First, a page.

When a team is as loaded with talent as the Kentucky Wildcats, it comes as no surprise that many of the team’s players would consider early departures to the NBA. However, what does come as a surprise is that several of the team’s players announced their intentions to do so after the team’s last second victory over Wisconsin in the NCAA Tournament’s semifinals and prior to tonight’s championship game against Connecticut. When asked about the timing of these announcements and whether or not they might be a distraction, a school official commented, “Distraction might be a bit of an understatement.”
When pushed for clarification, the Wildcat representative added, “I’m not sure you guys in the media are grasping what’s happening. It’s not a distraction, nor is it a mutiny. It’s an abandoning of the ship. They’re gone. They’ve left both the school and the team. They won’t be playing tonight. It’s a college tournament, and they’re professionals.”
Reports from within and without the program support these statements. The rapper known as Drake who spent all day at the practice facility commented, “Well, I’m not really a rapper. I’m more of a master motivator. I can motivate over beats or A capella you know. Anyway, what I told these Cats—pun intended always—was that they’re writing a story and that they can choose how it ends, but what’s better than a story with a twist ending. That’s when they realized that there really is more to life than winning or losing. That’s the metaphor. They’re not winners and they’re not losers—they’re that third option, that gettin’ paid option.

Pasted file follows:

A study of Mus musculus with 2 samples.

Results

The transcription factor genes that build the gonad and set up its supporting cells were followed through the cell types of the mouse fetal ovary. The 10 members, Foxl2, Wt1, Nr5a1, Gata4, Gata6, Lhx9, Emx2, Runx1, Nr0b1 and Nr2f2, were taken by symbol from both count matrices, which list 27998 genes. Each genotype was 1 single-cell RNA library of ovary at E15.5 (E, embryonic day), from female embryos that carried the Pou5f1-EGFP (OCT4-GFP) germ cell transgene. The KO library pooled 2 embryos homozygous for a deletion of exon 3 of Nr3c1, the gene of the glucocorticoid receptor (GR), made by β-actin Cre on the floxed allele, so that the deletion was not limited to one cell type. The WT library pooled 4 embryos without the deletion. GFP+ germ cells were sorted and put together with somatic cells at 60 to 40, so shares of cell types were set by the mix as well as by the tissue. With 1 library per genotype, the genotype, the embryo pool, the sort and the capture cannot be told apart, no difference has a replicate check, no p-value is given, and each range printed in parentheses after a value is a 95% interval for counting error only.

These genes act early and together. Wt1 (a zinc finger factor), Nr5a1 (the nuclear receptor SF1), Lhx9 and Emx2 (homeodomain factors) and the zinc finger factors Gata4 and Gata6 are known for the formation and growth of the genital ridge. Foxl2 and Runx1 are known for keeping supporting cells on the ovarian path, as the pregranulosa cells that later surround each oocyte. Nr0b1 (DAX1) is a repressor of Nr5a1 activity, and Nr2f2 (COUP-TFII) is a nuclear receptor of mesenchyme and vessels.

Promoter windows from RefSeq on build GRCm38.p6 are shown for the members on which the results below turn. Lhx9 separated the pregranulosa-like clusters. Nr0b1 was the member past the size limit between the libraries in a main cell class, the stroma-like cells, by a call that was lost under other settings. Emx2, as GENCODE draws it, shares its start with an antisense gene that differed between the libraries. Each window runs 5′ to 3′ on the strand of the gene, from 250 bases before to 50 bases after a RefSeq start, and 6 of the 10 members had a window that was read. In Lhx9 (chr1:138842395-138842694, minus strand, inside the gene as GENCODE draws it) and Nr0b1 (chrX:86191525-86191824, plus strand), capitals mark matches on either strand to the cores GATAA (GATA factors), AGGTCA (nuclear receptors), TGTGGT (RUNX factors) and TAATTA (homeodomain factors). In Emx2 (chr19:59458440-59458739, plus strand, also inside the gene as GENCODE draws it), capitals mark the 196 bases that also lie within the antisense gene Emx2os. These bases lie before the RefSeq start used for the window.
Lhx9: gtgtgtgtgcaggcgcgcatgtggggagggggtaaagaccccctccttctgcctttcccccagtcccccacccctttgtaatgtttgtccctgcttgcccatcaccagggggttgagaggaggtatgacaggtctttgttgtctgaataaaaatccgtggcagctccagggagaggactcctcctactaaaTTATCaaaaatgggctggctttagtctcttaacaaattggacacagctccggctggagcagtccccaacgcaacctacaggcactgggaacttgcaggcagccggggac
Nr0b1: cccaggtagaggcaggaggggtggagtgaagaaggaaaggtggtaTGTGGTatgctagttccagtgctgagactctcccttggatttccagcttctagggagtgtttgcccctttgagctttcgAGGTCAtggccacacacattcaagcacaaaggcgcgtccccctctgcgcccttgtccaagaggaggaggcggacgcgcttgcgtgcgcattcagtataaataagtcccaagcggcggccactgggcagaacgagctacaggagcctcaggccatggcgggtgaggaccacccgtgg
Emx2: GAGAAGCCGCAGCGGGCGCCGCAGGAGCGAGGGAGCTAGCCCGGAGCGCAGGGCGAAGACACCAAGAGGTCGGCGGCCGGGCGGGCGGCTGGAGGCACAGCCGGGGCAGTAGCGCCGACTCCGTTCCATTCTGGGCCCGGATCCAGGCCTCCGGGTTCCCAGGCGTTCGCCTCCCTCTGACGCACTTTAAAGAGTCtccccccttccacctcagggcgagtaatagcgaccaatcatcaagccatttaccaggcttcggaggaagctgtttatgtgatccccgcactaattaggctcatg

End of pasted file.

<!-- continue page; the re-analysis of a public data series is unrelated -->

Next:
Assistant Kentucky coach Rod Strickland voiced his opinion on the matter as one of surprise: “I stayed four years in school and still got paid. This is some bullshit. You know Coach Cal just asked me if I could suit up. I told him I don’t even know the playbook, and I got hamstring issues.”
And yet, while the Wildcats are facing depth issues for tonight’s game—all nine freshmen and two sophomores have declared themselves eligible for the NBA draft, effective immediately—the team will now be able to rely on the veteran leadership of the five remaining players on its roster, all of which are upperclassmen.
“Who them?” said Strickland. “They’re terrible. Do you realize how bad a player you have to be at Kentucky to last until your junior or senior year. Let me sound it out for you: TURR-UH-BULL. Shit, Cal doesn’t even know who they are.”
However, the upperclassmen seemed to be the furthest thing from Coach John Calipari’s mind: “All ten underclassmen, huh? Before the tourney even ends? That’s crazy. Both twins? Deron and the other one? I don’t know. You tell me. Anyway, this is unbelievable. Do you realize what this will do for recruiting? This is great news. Heck, I may not even show up for tonight’s game—I’ve got to go out and recruit ten freshmen for next year.”
When asked at what point he would like those ten freshmen to be ready for the NBA, Coach Cal paused dramatically and said, “Well, you know, if they could leave after Midnight Madness, which as you know is before the season even starts, that would be great. What other Coach can turn the top talent into NBA talent in less than a season? It’s not like they’re drafting on potential up there. This does take work.”